Preferred Wiring Methods for Optical Encoders
February 26, 2013
Following these guidelines will reduce the possibility of noise, false counts, ground loops, and other power related problems.
Keep Cable lengths as short as possible
The longer the cable length the more likely it is to act as an antenna and pick up unwanted noise. Keeping the lengths short reduces the possibility of this.
Keep the number of terminations to a minimum
Each time there is an interconnection made, whether it is a butt splice between two wires, or a wire runs to a terminal block, there is an increased chance of a poor connection. Reducing the number of connections in a cable/wire run reduces the chance for connection problems
Don’t wire in daisy chain fashion.
This will most commonly apply to the power supply rails, but is good practice overall. Instead of wiring through a device, wire from the source (Fig 1). This reduces voltage drop across system components, and is a more reliable wiring method, as fewer items will drop out due to a wiring failure.
Do not run signal wires parallel to power wires
Avoid running lengths of signal wires, such as those coming from an encoder, along any high voltage or high current carrying wires. Noise from power wires can be coupled into the low signal cable. The deathblow is running signal wires in shielded conduit with power wires. Noise has no choice but to be coupled into the wires. Running the encoder wires outside of the conduit is preferred to grouping it with high current carrying conductors inside conduit. If it is necessary to run signal and power wires together, the Preferred method is to run signal wires and power wires perpendicular to each other.
If you are running into a high impedance device, use a termination resistor.
A value of 120 Ohms to 1K Ohms is typical for a 5 Volt application. In most instances noise has a very low current component. This means it will not have as much voltage (which equates to signal) through a low impedance or resistance. Since the line driver in the encoder is made to supply current, any noise loaded with a low resistance will disappear, but the line driver will still be able to deliver signal. In Differential applications, this resistor should go between the desired channel and it’s complement, I.E. A and A’. For single ended applications, this resistor should go between the desired channel and ground.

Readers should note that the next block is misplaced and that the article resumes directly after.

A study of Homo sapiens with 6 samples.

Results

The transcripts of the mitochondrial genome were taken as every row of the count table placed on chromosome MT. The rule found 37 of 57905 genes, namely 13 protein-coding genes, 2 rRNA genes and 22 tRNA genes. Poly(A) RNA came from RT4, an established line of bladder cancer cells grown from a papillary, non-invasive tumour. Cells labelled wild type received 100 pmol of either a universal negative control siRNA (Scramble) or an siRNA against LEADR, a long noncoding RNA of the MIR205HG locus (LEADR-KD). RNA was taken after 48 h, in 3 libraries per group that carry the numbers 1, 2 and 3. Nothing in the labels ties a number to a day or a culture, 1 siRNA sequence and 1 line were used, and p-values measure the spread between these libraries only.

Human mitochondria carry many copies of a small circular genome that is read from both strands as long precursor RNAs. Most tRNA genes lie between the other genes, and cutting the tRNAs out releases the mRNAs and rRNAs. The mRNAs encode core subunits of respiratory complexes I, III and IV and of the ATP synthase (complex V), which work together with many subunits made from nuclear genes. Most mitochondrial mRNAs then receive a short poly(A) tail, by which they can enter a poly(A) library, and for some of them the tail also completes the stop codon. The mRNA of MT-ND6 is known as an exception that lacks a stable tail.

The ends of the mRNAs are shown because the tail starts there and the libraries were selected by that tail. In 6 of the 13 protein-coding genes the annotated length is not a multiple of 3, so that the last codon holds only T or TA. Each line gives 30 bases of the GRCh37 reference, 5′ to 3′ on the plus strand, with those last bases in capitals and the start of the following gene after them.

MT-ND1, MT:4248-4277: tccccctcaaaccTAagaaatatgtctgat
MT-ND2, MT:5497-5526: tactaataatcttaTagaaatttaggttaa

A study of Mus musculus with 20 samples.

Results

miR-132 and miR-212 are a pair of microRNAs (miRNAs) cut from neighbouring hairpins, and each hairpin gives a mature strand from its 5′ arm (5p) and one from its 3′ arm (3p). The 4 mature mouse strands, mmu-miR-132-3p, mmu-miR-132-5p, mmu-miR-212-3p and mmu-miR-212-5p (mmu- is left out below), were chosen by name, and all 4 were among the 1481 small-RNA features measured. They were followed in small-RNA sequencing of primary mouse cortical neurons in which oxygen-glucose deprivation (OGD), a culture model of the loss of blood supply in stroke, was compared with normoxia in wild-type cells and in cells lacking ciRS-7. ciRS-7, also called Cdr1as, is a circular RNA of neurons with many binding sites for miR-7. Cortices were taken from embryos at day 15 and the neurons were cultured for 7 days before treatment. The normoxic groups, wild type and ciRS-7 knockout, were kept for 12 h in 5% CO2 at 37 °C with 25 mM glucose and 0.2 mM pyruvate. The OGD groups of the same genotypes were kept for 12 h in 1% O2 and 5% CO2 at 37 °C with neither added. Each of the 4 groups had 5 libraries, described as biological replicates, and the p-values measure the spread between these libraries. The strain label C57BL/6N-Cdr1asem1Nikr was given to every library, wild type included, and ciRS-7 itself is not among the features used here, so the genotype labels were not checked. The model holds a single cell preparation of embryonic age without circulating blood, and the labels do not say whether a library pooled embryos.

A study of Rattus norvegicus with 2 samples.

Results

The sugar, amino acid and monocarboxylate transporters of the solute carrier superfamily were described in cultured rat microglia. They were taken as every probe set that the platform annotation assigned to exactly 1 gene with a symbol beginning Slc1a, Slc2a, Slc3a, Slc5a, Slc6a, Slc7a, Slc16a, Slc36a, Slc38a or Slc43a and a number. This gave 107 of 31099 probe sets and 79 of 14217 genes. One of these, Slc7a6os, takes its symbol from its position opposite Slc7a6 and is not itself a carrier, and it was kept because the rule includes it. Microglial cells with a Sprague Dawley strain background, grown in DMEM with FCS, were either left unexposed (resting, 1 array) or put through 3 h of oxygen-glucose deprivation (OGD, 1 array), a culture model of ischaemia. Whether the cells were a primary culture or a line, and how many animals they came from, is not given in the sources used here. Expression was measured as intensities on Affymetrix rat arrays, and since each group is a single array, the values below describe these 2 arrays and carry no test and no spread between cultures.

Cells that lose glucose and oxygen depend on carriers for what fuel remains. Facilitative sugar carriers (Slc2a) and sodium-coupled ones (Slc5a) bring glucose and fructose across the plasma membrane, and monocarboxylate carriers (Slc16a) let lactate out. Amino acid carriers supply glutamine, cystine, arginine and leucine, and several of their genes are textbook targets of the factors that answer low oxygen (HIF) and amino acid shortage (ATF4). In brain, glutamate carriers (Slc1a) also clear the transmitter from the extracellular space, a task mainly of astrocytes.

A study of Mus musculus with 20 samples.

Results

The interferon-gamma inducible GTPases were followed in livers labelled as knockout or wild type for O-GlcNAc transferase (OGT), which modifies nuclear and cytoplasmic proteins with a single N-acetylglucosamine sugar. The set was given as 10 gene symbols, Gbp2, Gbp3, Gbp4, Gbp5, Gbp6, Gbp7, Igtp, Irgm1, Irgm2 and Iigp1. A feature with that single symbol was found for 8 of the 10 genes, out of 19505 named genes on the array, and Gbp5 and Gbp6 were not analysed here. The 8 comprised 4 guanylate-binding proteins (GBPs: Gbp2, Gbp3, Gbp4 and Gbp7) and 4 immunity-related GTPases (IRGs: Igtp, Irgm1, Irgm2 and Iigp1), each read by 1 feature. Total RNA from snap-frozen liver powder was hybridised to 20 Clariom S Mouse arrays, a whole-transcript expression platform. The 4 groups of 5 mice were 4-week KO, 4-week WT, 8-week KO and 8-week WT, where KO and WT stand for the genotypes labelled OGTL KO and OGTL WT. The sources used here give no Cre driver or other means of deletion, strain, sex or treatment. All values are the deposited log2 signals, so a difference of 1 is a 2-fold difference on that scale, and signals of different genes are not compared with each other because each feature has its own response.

Use an encoder with differential outputs
Differential outputs greatly increases the ability of a system to handle noise. As opposed to one signal wire and one ground wire, differential outputs provide two signal wires with exactly opposite signals on each wire. Any noise coupled into the system is common mode, or the same on both wires. Since a differential system is set up to look at only signals with exactly opposite voltage potentials, the noise component is rejected. In a single ended system, the noise is indistinguishable from the real signal and cannot be rejected. (Fig 2.)
Make sure the power supply to the encoder is not creating noise.
Low quality power supplies, can pass enough 60 Hz ripple, or switching noise to cause problems. If this is the case the use of filter capacitors at the power supply may help. The specification for QDI Encoders is 2% ripple.
Ground the drain wire.
The drain or cable shield wire serves the function of routing any noise coupled to the cable foil shield to ground. Not using this wire means the drain will not carry the noise away. It is particularly important when using a long cable length. It is also important to keep in mind that the drain wire could unintentionally couple noise to the signal wires. Please note that the drain wire is not tied internally to the encoder body.